Below are eight strategies for healthy eating and weight loss that can be modified based on your belief system, your personal preferences and your individual body.
It’s hard to believe there was ever a time when diet books didn’t exist, when home-cooked meals were the norm not the exception, and when people intuitively ate what was good for them. .With the plethora of information available today about food, diet and nutrition, we should all be healthier than ever, but instead we’re just more confused about what to eat or not to eat!
I’ve been a foodie all my life. It started as a passion for cooking (and eating) and later became a continuing quest for information on nutrition and health. During my certification as an integrative health coach at the Institute for Integrative Nutrition, I heard equally convincing arguments and studies to back up every kind of diet or eating principle. Hence, one week, I was a devout vegan and the next a devouring carnivore! Ultimately, I realized that although there were as many conflicting opinions as there were diets, there were also commonalities across all the diets. These turned out to be the most basic, simple, common sense eating principles that were practiced by generations past but have since been overshadowed by the current food industry’s quest for big profits.
Below are eight strategies for healthy eating and weight loss that can be modified based on your belief system, your personal preferences and your individual body. Try a couple and watch the magic happen!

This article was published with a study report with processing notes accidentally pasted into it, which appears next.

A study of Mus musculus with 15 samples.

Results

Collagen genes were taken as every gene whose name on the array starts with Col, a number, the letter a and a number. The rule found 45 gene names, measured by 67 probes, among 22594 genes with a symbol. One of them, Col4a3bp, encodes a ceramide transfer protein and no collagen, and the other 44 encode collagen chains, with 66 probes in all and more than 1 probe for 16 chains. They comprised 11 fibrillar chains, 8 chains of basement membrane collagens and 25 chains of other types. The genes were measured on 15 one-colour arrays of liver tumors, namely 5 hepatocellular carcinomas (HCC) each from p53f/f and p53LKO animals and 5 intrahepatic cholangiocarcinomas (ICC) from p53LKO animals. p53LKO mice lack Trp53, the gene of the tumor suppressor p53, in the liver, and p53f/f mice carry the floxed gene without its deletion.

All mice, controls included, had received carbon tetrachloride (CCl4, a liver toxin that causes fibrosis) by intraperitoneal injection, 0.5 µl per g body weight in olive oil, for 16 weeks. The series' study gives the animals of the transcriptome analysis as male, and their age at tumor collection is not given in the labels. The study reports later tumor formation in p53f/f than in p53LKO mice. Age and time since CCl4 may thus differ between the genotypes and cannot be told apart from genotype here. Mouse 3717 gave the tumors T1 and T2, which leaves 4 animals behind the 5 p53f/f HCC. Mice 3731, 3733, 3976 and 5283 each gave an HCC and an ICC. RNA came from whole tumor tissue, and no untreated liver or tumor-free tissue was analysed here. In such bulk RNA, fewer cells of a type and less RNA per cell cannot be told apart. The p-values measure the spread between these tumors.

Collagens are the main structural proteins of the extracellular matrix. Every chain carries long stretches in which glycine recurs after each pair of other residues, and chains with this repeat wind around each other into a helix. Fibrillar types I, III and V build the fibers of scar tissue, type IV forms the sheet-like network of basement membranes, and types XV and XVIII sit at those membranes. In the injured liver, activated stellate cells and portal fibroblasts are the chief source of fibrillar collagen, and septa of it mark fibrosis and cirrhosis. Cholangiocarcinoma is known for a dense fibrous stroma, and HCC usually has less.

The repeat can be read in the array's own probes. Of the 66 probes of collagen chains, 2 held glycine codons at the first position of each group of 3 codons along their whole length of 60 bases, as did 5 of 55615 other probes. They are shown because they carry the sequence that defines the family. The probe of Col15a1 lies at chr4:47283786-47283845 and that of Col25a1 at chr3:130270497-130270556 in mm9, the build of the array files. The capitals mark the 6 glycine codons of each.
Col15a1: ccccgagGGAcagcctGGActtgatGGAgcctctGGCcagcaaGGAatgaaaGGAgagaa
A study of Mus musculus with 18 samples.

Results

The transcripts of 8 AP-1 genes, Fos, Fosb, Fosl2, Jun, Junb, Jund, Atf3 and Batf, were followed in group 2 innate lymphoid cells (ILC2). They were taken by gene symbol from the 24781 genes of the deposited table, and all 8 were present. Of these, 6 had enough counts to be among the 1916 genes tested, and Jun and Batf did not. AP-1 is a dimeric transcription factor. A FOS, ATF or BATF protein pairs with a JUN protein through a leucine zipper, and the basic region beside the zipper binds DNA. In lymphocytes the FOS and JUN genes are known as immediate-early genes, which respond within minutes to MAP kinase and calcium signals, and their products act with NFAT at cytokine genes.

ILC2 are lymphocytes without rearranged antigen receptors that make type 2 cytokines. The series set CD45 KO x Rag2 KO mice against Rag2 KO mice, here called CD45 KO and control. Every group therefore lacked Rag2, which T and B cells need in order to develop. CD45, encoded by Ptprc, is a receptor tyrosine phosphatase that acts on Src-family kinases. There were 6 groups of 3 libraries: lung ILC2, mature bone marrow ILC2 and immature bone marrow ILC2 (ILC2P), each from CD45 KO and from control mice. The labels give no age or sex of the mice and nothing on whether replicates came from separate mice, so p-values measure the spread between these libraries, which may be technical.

1. What to eat more of: Mainly whole foods grown in the earth, not in the lab. That means colorful fruits and vegetables (fresh or frozen), whole grains and legumes (beans). Veggies should take up at least half your plate. Meat and poultry should be lean and organic. Fish should be wild, not farmed. Fats should be healthy (avocado, olive oil, coconut oil).
2. What to drink: Lots of filtered (not necessarily bottled) water, tea, one glass of wine with a meal, one cup of coffee/day, sparking water if you need some fizz.
3. What to eat less of: Sugar in any form and white (wheat) flour. These are both inflammatory agents, which contribute to disease and weight gain. You might want to eliminate them totally.
4. What to never eat: HFCS (high fructose corn syrup), trans fats (hydrogenated… anything), soda and other sweetened drinks, anything with ingredients that sound like chemicals.
5. What to learn: How to read a nutrition label. How to recognize all forms of sugar, chemicals and processed foods on an ingredient list. How to cook basic healthy meals, How to eat slower. How to stop eating three hours before bedtime. How to eat smaller portions.
6. What to buy: Fresh foods in the perimeter aisles of the grocery store rather than in the middle aisles where processed foods are typically displayed, organic fruits and vegetables whenever possible (check the dirty dozen list from the Environmental Working Group), organic meats, poultry and dairy, locally grown foods whenever possible.
7. What to compromise: Practice healthy eating 90 percent of the time, but leave some wiggle room to indulge or break the rules. You’re only human!
8. What to know: Your body. Only you know how your body reacts to certain foods. If a certain food or diet (no matter how acclaimed it may be) makes you feel ill, bloated or gain weight, stop it.